WHICH NOTES DO I GET WITH BENDING ON HARMONICA?


Hi there! Today you’ll learn something more about harmonica bending and all the notes you can get once you mastered it. At the end of this lesson, you’ll also know which new scales and arpeggios you can play with the new notes. Bending will expand your playing possibilities and put you in the condition of being able to play in several positions on the blues harp. In the video I provided for this lesson, you’ll practice both draw and blow bending. This lesson requires a A harmonica.


Let’s analyze some of the scales which come with these bendings.

Hole 1: When we bend the draw note D, we get a C sharp. Using this note you can play:

In D major in 3rd position, scale notes: D, E, F#, G, A, B, C#.

In A major in 4th position, scale notes: A, B, C#, D, E, F#, G# 

In G blues in 2nd position, scale notes: G, Bb, C, C#, D, F

Hole 2: We can draw two different bent notes on this hole, F and F sharp.

With the F# you can play:

In D major in 3rd position.

In G major in 2nd position, scale notes: G, A, B, C, D, E, F#

In E minor in 5th position, scale notes: E, F#, G, A, B, C, D

As far as the F note is concerned, it’s an integral part of many scales; therefore, you can play:

In D minor in 3rd position, scale notes: D, E, F, G, A, B, C.

In C major in 1st position, scale notes: C, D, E, F, G, A, B.

In F major in 12th position, scale notes: F, G, A, Bb, C, D, E.

In A minor in 4th position, scale notes: A, B, C, D, E, F, G.

Hole 3: The three additional notes we get here widen our playing capacity in its true sense: the B flat, the A and the G sharp notes.

The B flat, not only gives you the chance to play the blues in 2nd position but other options to play as well:

In F major in 12th position.

In C7 blues in 1st position, scale notes: C, D, E, F, G, A, Bb.

In D minor in 3rd position, scale notes: D, E, F, G, A, Bb, C#, D.

In G minor in second position, scale notes: G, A, Bb, C, D, E, F, G.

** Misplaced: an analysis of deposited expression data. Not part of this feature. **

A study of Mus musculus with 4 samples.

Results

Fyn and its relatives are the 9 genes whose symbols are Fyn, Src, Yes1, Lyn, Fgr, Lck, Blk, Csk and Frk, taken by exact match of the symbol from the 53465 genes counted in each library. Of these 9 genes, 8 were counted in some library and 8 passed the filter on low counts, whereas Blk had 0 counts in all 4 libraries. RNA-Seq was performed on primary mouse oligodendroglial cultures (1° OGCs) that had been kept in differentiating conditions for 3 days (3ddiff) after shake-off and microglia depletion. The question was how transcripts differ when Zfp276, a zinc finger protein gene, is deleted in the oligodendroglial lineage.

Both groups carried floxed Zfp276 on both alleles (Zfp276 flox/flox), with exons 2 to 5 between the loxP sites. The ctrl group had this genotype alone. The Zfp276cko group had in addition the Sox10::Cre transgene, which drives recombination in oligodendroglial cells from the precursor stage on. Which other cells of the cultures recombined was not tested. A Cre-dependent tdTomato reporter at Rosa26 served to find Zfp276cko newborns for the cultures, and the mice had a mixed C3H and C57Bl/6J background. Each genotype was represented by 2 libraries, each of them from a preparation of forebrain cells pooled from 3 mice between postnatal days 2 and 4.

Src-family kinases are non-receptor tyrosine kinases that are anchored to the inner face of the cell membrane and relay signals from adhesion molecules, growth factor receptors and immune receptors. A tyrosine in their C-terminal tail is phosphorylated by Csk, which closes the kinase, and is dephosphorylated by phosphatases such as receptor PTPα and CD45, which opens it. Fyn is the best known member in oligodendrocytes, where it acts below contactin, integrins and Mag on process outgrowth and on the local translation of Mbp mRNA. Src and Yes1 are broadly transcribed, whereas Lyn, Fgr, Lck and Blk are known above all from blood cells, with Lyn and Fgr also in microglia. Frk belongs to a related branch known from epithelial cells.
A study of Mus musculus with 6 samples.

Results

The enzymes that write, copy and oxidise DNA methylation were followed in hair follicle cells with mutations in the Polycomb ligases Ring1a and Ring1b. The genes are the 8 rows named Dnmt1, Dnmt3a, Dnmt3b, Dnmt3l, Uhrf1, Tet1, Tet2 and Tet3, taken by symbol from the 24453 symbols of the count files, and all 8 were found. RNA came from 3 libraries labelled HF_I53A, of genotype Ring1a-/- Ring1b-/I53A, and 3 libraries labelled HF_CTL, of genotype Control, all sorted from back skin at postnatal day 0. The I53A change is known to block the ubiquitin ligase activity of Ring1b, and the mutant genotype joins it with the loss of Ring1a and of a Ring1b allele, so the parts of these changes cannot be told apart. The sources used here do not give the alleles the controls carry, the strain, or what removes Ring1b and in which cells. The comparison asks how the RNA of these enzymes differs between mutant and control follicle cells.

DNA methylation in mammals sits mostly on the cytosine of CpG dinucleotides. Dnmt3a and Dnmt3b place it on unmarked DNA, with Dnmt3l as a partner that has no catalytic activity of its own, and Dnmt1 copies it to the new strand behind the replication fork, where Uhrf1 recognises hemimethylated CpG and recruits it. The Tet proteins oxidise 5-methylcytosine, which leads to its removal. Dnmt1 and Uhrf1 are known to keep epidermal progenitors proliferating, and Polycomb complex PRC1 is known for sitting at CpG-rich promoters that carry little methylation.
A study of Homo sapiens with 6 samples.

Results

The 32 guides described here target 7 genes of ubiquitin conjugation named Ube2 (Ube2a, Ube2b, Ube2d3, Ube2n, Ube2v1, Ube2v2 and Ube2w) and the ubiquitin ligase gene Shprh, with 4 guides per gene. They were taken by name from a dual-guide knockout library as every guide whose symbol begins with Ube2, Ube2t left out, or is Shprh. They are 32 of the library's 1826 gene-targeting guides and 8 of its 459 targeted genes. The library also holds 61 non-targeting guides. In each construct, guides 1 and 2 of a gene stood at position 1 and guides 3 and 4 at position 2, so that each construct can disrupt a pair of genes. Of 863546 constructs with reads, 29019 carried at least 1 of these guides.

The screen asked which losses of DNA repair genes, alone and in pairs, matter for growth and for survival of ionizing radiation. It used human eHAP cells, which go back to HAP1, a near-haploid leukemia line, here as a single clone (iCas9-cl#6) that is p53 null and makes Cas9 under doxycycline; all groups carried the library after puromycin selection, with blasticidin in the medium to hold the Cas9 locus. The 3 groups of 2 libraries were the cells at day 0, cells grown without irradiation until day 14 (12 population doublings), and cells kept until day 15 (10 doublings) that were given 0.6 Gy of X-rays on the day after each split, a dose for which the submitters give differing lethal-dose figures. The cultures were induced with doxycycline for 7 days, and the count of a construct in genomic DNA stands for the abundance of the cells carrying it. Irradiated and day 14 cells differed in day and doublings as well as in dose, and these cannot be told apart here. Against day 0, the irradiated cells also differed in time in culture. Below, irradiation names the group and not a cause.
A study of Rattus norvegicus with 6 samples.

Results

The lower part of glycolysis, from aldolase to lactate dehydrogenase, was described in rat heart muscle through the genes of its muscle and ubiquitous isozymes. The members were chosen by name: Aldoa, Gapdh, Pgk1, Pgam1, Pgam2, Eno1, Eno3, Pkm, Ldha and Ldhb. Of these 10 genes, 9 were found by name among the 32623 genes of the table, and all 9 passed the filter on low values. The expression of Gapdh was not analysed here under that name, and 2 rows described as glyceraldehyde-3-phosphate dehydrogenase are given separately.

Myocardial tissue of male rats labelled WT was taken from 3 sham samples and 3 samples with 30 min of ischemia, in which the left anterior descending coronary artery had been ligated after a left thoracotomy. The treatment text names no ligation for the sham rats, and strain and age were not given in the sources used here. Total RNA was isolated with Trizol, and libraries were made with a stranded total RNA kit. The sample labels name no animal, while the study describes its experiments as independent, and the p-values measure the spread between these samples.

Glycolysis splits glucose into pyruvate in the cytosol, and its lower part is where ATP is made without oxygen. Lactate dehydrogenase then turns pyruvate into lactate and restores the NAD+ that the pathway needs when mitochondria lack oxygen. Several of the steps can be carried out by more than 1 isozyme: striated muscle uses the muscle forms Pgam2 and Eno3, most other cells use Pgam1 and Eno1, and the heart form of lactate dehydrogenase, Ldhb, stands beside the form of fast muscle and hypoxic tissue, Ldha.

Because the A note is part of many scales; it lets you play:

In C major in 1st position.

In A major, and minor in 4th position.

In D major and minor in 3rd position.

In G major and minor in 2nd position.

In fact, it’s a key tone which adds up further possibilities to your playing list!

The G sharp allows playing:

In E major in 5th position, scale notes: E, F#, G# A, B, C#, D#.

In A major in 4th position.

It is used mostly in 3rd position on minor or blues songs, or as a chromatic passage.

The bending on holes 4 and 6.

We get a C sharp on hole 4, and we’ve already acknowledged, in the previous section, how it benefits us in playing. For the hole 6, it’s the same note G sharp, which has been discussed before.

What about the blow bending?

Blow bending is a little more complicated than the draw one. Let’s see which notes we can perform on the last three harmonica holes.

Hole 8: blowing hole 8 brings us the E flat note, and this is the only spot on the harp where we can get this – when we don’t want to apply the overblow technique. With this note we can perform a complete C blues scale in 1st position on holes 7 to 10. The notes of this scale are C, Eb, F, F#, G Bb.

Hole 9: when we blow an F sharp, it entitles us to play the blues scale in the 1st position, on the high side of the instrument, starting from hole 7 blow. We can also perform a G major scale on holes 6 to 9 in 2nd position.

Hole 10: we can blow a B and a B flat on this hole. The B flat is part of the 1st position blues scale, whereas the natural B is part of the C major and other many scales. The last one is the most difficult note to control on the harmonica.

As well as performing many scales, bent notes allow you to play also the corresponding arpeggios.

Thanks for following this lesson. I’ll see you soon on these pages!

Once you can play bends, try the following exercises.